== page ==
I’m sitting under the canvas canopy of the Dawn On The Amazon restaurant here in Iquitos when an old friend plops down in the chair across from me. Brian Adams is a middle-aged guy from Minnesota. He has been living in various towns in the Peruvian jungle for the past decade or so. As thin as a broomstick, he has a head of thick white hair and a face brown enough to pass for a local.
I reached across the table and shook his hand. “I haven’t seen you for years. Where have you been?”
He laughs. “Looking for God?” he says.
Was that a note of sarcasm in his voice? “Good for you,” I reply.
“Why is it good for me?” he asks. Not waiting for my reply, he adds, “It was a waste of time.”
His answer reminds me that Brian is an atheist. “You must have been looking in the wrong places, Brian.”
Another burst of laughter. “Yeah, that must be it. I was looking in the wrong places.”
This time there is no doubt that he was being sarcastic. We sit in silence for a minute or two, both of us taking in the fiery red sun as it slips past some trees in the distance, sending a pink glow hoovering over the backwater of the Amazon River. I can tell by the smile on Brian’s face that he’s enjoying the view as much as me.
“Beautiful, isn’t it,” I say.
He nods his head in agreement.
“God is a wonderful artist, isn’t He?
He shakes his head. “You know as well as I do, Leo, there is no such thing as God.”
I chuckle. “You mean you don’t believe you’ve found a god worthy of your intellect.”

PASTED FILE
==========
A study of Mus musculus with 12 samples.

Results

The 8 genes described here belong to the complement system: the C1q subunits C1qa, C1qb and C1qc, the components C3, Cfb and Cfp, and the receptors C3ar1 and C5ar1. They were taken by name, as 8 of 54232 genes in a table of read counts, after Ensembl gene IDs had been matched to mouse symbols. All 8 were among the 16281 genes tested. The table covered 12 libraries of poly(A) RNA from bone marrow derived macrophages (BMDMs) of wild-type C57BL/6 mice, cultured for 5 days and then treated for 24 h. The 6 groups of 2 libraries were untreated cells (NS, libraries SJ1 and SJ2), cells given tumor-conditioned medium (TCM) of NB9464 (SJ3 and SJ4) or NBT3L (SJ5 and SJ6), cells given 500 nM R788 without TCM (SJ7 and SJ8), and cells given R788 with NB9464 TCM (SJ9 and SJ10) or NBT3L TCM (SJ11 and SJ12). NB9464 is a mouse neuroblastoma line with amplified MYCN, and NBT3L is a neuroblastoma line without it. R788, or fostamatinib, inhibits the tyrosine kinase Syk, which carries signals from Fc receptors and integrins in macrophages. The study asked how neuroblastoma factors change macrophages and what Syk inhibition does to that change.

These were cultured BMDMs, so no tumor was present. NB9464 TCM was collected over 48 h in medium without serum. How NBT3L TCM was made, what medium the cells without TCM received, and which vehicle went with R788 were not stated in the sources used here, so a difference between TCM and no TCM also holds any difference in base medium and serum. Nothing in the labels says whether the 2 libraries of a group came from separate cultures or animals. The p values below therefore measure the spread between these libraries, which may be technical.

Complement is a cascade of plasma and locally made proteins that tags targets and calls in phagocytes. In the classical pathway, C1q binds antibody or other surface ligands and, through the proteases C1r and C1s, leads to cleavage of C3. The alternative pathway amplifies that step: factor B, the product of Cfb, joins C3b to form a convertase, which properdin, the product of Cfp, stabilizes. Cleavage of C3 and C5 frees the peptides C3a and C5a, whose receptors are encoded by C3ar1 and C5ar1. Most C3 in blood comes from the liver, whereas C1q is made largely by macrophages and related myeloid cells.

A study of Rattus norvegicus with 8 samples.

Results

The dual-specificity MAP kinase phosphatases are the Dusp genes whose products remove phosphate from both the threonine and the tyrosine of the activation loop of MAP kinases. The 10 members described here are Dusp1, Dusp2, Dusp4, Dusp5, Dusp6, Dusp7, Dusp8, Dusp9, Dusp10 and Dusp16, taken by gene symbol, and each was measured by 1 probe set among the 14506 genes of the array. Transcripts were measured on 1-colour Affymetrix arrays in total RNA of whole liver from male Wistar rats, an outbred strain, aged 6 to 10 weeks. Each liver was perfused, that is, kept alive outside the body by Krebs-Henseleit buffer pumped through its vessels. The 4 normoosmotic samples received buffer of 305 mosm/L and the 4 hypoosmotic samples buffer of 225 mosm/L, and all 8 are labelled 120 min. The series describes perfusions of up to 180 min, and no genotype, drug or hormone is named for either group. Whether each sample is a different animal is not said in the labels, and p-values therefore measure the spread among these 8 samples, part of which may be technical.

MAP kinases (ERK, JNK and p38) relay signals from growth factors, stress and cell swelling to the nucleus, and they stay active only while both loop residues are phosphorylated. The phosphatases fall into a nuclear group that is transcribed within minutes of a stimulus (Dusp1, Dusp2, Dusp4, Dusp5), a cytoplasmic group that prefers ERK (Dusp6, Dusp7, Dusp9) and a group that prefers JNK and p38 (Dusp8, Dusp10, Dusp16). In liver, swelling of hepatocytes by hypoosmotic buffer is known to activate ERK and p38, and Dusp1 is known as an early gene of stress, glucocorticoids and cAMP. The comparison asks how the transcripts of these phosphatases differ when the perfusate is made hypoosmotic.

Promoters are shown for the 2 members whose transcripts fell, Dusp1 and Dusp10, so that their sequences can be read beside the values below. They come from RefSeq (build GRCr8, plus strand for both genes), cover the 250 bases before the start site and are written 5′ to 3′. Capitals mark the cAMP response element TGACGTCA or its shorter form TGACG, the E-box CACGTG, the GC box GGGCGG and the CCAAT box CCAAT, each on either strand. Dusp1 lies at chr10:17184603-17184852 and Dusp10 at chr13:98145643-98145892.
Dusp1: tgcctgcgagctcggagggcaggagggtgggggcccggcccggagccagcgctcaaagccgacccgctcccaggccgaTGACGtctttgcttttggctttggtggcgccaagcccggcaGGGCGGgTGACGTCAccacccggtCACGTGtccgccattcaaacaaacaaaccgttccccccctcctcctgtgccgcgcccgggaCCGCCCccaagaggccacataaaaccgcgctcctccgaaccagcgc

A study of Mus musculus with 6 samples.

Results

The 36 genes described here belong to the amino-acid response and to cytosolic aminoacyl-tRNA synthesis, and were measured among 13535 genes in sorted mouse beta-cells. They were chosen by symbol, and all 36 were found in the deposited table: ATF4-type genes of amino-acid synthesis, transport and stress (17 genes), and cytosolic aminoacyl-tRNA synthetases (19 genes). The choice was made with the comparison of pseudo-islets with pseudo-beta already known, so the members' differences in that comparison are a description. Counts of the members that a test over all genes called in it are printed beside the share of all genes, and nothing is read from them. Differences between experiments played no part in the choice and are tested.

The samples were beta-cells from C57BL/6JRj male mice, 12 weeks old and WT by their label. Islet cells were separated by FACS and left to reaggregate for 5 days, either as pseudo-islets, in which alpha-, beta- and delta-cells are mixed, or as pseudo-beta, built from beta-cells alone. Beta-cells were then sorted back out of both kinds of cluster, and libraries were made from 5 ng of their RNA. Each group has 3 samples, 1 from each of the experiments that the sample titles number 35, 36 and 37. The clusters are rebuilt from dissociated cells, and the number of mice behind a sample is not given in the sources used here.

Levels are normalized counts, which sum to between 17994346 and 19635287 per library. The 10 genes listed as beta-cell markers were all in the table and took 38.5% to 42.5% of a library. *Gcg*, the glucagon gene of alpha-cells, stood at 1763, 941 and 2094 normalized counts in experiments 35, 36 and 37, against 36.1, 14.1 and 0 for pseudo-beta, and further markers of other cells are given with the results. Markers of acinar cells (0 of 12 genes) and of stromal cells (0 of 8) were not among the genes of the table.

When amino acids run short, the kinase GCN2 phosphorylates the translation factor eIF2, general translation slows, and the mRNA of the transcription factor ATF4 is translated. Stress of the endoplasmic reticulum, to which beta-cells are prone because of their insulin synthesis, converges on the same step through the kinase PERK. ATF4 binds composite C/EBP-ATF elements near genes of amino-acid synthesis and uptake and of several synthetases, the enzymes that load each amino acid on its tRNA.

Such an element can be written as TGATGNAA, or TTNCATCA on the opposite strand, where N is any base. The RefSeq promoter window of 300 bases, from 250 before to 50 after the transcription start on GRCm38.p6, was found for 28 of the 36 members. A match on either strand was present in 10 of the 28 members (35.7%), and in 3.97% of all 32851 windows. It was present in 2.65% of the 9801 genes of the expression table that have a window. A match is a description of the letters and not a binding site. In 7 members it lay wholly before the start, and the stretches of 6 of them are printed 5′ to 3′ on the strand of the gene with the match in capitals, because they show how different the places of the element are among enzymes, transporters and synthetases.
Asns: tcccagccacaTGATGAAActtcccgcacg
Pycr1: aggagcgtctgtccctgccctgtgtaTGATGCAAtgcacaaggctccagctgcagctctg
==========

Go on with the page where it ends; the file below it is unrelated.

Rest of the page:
He laughs. Fixing a thoughtful gaze on me, he asks, “I suppose you still believe in God?”
“Brian, I’m not smart enough not to believe in God.” I sit back and wait for a reply. When I notice he’s waiting for me to elaborate, I say, “I can’t imagine a world without God. Do you know the first thing I do when I awake every morning?”
“I know what you’re going to say, you’re going to tell me that your God,” he replies, emphasizing the word ‘your, “is responsible for each day.”
I lean across the table. “I do, Brian.”
“There is no god, Leo.” To drive home his point he adds, “That’s just something you’ve made up to lean on when things go wrong. Like a crutch.”
“You’re darn tootin’,” I reply in my best southern accent, adding a syllable to every word. “And yes … like you say … a crutch I lean on every day.”
He shakes his head. “If you need a crutch, that’s okay for you. But for me—” He stops. After a pregnant pause, he says in an earnest voice, “I wish I had your simple faith.”
That’s when I invite him to attend with me the small church on the outskirts of town the girls and I attend every Sunday. To my surprise, he accepts the offer. “Are you sure I’ll be welcome there?”
“I guarantee it, buddy.”
We chat a few minutes longer before he says he has to go. As I watch him stroll down the street, I think: That wasn’t as hard as I thought it would be.